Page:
Apr 5, 2009

Depth of Field Primer

As I've discussed before here, controlling background clutter and isolating your subject is absolutely crucial to making good pictures.

Getting that "fuzzy" background look can really make a picture pop, and it definitely pulls you out of snapshot territory.

Controlling how much of your photo is in focus comes down to two main things...

Camera to Subject... if you get closer to the subject, the background will get more out of focus. Seems simple enough, but it has to do with the physical distance, not zooming in. Get close!
Subject to background... the further your subject is from the background, the more out of focus the background will be. For example... if your subject is leaning on a wall, it will be hard to get the wall out of focus. Bring the subject for a little separation, and good things will happen. You also start to get layered composition this way, which is good.

Here, getting close to the bird was a pain, and I probably looked a bit goofy chasing it around with the camera... But it has a nice blurry background. Of course, the bird was getting a bit concerned about my intentions.
what are you lookin' at?

This is easiest to control on an SLR camera... Smaller Aperture number = less amount of in-focus area. This is "Shallow" depth of field.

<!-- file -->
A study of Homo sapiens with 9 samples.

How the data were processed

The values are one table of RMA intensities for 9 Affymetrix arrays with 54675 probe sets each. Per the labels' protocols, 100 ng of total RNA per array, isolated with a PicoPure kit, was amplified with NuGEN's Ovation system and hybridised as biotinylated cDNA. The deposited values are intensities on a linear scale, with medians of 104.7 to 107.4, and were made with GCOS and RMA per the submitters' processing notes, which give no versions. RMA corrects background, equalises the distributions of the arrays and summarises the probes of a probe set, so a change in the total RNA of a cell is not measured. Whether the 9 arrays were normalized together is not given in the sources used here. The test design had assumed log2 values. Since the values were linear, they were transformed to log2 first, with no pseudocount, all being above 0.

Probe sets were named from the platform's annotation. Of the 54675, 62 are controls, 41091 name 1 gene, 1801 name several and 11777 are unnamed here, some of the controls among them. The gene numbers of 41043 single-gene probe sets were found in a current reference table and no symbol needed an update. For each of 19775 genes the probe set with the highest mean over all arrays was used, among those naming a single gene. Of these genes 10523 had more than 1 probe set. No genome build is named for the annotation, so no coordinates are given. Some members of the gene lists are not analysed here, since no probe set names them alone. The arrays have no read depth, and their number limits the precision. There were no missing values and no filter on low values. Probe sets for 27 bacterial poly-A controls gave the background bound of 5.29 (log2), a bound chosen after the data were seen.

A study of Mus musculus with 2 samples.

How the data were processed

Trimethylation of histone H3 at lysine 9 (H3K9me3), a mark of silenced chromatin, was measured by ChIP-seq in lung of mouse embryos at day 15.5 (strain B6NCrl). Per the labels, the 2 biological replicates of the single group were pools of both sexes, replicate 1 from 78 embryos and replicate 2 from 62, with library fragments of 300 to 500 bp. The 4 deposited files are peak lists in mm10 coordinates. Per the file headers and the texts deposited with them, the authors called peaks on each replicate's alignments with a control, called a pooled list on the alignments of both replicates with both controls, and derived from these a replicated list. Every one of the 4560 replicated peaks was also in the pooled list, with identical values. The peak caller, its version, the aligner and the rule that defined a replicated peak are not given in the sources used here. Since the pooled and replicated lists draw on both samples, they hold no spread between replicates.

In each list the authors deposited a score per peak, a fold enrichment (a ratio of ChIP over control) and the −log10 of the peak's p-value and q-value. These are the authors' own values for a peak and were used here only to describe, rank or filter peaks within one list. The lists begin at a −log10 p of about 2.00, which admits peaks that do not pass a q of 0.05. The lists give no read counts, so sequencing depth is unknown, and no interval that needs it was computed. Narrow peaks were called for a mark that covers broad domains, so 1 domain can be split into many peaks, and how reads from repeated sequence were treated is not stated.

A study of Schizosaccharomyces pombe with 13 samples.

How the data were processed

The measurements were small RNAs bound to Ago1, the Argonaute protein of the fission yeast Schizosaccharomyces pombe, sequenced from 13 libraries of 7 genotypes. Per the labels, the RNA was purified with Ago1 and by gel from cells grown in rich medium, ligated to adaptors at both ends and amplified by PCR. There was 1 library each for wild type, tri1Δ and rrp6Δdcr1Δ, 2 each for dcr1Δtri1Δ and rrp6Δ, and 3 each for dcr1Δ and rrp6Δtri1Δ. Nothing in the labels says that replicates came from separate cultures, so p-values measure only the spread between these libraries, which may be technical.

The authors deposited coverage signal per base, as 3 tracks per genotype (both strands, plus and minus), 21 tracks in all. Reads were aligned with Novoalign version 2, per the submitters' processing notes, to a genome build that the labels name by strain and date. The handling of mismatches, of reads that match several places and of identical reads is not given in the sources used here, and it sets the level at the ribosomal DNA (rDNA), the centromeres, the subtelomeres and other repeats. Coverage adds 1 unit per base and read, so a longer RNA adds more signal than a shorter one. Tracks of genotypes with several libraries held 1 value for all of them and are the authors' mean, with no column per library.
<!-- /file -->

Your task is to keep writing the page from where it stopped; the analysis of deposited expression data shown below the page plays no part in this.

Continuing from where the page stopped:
Here is a series of shots from a Canon 5D with a 50mm lens for demonstration...

The point of focus is the near side of the fourth (light orange) spool of thread. Look as each aperture change brings more depth into focus... eventually at f22, even the texture of the wall behind is clearly visible.

On a side note, at f11 and f22, you also see the dirt that has accumulated on my camera sensor... time for a cleaning!

Now what do you do with that information?

For Point and Shoots.... you need to get close, and, use the "portrait" setting. This will get the shortest depth of field available. For a variety of technical reasons, P&S cameras have a hard time getting short depth of field, so distance is what you have to work with most.

For SLR users... Try the Av (Aperture Priority) setting. With that, you are in control of how much depth of field you are using. Knowing that you can knock the background out of focus (or keep it clear if that is what you want), is a very powerful option.

In Aperture Priorty (Av) mode, you set your aperture, and the camera will adjust the shutter speed to compensate. It is almost exactly like shooting in all-auto (Green Square) mode, but you start to take control.

Most importantly, you have to practice with your camera so that when you want to control something like this, you already know what to do.

Happy Shooting,

Don J

1 comment:

  1. Good stuff today! While the Pigeon looks ready to attack I like it. You managed to capture expression in an animal.